Consumer Protection –
Consumer Protection Office

Tips for Writing a Complaint Letter

Before you start writing, think about what exactly the problem is and how you would like it to be resolved. This will help you organize your thoughts when you write them down.

Structure your letter so that you include a heading - which identifies the issue and name of product, service, person, location, with code or reference number if applicable.

Be clear, and stick to the facts when you describe the problem, so that your problem can be quickly and easily understood. Exaggerating or getting angry will not help and may hurt your chances of getting your problem resolved.

Include all important facts, for example, the serial, model or brand name and number of any product in question. Also include the times, locations, and the names of anyone who was involved. Detail anything you've done to correct the situation yourself.

Include copies of everything: receipts, warranties, repair invoices, and any other relevant documents. Keep the originals!

Ensure your letter is well written and edited, so that it is taken seriously.  Professional presentation, good grammar and spelling, firmness and clarity are important.  What your letter looks like, its presentation, language and tone, can all help to establish your credibility - that you can be trusted and believed, that you know your facts, and that you probably have a point.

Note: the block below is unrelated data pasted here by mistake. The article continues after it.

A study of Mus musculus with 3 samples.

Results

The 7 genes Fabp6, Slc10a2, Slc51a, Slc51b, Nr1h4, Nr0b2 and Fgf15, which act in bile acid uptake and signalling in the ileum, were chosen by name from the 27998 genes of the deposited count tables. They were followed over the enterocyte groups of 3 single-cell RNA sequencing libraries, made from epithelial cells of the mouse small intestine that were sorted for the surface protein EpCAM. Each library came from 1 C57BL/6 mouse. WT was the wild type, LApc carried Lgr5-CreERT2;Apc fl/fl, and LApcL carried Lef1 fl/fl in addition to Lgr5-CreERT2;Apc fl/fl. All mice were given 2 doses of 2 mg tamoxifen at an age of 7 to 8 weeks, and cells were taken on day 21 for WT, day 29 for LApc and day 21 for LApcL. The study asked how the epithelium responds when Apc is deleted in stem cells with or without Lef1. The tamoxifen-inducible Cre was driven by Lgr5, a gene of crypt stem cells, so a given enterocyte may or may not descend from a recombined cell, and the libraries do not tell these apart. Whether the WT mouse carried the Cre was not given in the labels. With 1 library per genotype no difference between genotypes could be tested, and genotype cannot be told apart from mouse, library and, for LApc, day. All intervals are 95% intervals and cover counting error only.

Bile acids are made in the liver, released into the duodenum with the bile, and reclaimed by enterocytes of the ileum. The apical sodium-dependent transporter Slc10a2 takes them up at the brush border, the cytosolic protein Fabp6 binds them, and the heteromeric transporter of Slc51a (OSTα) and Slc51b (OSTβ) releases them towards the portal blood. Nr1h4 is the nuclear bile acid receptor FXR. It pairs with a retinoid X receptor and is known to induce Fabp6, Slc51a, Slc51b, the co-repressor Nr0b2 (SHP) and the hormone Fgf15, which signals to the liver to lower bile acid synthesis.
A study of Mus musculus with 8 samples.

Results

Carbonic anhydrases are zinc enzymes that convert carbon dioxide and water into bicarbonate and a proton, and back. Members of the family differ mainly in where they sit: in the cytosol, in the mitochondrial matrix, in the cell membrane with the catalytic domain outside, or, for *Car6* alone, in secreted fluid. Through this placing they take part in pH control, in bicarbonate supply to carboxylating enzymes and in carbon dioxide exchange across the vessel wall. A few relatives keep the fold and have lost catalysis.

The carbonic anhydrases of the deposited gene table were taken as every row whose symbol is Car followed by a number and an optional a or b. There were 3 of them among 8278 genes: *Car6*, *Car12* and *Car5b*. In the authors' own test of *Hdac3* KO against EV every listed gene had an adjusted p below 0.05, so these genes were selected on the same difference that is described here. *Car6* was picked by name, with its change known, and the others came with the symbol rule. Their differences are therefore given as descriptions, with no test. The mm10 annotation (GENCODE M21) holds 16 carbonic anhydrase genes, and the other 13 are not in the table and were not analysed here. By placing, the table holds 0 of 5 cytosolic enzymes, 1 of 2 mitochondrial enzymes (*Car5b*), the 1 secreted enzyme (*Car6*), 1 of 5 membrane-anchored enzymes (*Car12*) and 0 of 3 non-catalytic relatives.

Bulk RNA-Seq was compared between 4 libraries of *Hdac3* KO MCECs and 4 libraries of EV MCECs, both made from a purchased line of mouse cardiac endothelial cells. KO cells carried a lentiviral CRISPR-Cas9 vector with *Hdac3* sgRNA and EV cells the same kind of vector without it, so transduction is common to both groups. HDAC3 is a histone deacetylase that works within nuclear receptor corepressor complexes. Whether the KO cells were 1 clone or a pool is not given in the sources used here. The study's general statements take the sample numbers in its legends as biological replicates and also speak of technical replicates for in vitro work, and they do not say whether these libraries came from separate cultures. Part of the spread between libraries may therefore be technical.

Ensure the name and address details are correct, include the date, keep it tidy, well-spaced, and print your name under your signature.

You want your letter to be authoritative and create an impression that you are reasonable and know what you are talking about.

If there were positive elements of your purchase or interaction with the business, it can be helpful to say so, rather than solely focusing on the negative.

State the facts, and then state what needs to be done to resolve the matter. Be reasonable and constructive. Having a friendly tone may make the business want to help you and make the situation right.Constructive letters - with positive statements, suggesting reasonable actions – are more likely to be responded to quickly and positively than a threatening complaint letter.

If you don't get a response within a reasonable period of time, or if the response is not to your satisfaction, and you want to pursue the complaint, contact the Consumer Protection Office. It may also be a good idea to let the business know you are going to file a complaint with the Consumer Protection Office.